Eat Your Vegetables Day With Southern Style Vegetarian Gumbo Recipe

May 18, 2016

Sensibly_Seasoned_Vegetarian_Gumbo_Eat Your Vegetables Day is June 17 and McCall Farms is celebrating by sharing their Southern Style Vegetarian Gumbo delicious farm fresh recipe. This recipe is simple, satisfying and nutritious.

As one of America’s leading producers of canned vegetables and fruit, McCall Farms produce is picked at the peak of ripeness and immediately canned, locking in its flavor and nutrition. Not only does this Eat Your Vegetables Day recipe taste great, but it’s packed with nutrients, too.

Southern Style Vegetarian Gumbo


  • 1 tsp. fresh jalapeño, minced
  • 1/4 cup white onion, diced 1/4″
  • 1/4 cup red bell pepper, diced 1/4″
  • 1/4 cup green bell pepper, diced 1/4″
  • 2 cups vegetable broth
  • 2 cups vegetable juice cocktail, low sodium
  • 1 (15 oz.) can Glory Foods Sensibly Seasoned Tomatoes, Okra & Corn
  • 1 (15 oz.) can light red kidney beans, drained
  • 1/4 tsp. black pepper, ground
  • 2 cups white rice, cooked


  1. Place the jalapeño, onion and peppers in a 3 to 4 quart saucepan. Heat and stir. Add about 1/4 cup of the vegetable broth and bring to a boil. Stir the vegetables occasionally until softened.
  2. Add remaining vegetable broth, vegetable juice cocktail, Glory Foods Sensibly Seasoned Tomatoes, Okra & Corn, kidney beans and ground black pepper.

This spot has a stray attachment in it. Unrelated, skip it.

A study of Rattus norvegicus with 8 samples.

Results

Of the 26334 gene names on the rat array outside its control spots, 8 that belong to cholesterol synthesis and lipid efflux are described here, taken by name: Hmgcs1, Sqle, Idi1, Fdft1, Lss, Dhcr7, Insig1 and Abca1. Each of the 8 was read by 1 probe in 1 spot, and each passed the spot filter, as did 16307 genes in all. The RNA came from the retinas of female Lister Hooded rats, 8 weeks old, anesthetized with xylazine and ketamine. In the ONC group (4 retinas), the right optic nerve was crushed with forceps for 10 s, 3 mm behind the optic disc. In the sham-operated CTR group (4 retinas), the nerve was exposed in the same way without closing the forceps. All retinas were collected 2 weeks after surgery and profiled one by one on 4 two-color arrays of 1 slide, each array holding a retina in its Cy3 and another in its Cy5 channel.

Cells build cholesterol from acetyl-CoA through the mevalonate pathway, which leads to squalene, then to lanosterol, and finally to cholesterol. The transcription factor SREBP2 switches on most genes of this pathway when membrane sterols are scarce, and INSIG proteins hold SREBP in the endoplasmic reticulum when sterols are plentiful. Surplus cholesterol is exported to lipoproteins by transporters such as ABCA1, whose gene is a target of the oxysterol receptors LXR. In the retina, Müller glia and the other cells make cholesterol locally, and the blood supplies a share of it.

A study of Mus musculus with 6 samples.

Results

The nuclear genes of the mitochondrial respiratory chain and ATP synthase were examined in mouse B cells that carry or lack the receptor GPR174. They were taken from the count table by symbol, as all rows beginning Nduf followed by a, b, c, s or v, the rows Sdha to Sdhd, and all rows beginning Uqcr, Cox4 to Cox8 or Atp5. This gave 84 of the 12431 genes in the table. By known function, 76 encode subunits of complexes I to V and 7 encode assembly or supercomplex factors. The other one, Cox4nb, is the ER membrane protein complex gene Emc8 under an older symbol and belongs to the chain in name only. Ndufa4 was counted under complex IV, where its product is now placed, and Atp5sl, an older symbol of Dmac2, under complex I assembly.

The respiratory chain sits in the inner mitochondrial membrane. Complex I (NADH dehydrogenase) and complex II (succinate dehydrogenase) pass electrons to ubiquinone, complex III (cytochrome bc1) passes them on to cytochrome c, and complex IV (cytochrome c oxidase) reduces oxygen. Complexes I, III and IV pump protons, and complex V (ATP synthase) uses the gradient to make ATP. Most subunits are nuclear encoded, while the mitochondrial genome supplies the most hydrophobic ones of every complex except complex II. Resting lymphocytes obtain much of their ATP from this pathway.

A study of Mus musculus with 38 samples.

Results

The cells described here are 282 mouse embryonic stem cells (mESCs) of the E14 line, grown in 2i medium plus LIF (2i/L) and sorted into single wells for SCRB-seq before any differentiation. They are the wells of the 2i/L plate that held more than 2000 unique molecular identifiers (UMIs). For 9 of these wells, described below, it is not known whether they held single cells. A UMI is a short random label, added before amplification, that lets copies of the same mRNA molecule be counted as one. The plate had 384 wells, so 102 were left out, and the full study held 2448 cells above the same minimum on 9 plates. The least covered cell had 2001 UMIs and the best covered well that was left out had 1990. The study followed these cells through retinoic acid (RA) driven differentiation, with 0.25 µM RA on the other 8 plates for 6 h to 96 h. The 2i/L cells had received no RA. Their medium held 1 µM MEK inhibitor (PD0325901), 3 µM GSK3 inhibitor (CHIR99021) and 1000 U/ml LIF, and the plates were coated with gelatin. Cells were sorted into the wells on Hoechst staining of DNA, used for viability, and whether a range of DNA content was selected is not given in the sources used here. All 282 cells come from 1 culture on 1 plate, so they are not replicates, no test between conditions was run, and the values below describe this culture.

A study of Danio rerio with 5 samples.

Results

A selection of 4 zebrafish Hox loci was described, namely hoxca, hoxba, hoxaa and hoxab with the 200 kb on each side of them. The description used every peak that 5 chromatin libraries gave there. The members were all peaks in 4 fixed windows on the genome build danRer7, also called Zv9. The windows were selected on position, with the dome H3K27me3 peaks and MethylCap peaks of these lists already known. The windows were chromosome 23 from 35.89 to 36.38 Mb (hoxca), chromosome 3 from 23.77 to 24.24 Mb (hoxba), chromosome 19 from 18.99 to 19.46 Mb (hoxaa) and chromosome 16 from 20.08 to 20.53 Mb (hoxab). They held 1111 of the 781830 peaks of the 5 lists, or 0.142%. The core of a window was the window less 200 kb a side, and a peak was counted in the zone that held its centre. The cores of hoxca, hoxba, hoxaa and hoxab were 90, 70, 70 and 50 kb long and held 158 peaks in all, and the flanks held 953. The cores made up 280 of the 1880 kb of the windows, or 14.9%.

3. Heat gently until the gumbo comes to a boil. Reduce heat and simmer for 10 minutes.
  4. Serve with a heaping 1/4 cup of white rice in each bowl.

McCall Farms, is one of America’s leading producers of farm fresh canned vegetables and fruit, McCall Farms has been cultivating food for more than 177 years. The family-owned and operated company produces a wide variety of Southern-style products under the Margaret Holmes, Glory Foods, Peanut Patch Boiled Peanuts and Bruce’s Yams, as well as private-label and foodservice products, all of which are sold nationwide. Based in Effingham, South Carolina, McCall Farms products are grown on 2,000 acres of family farmland with an additional 18,000 acres contracted throughout South Carolina, North Carolina, Georgia and Florida.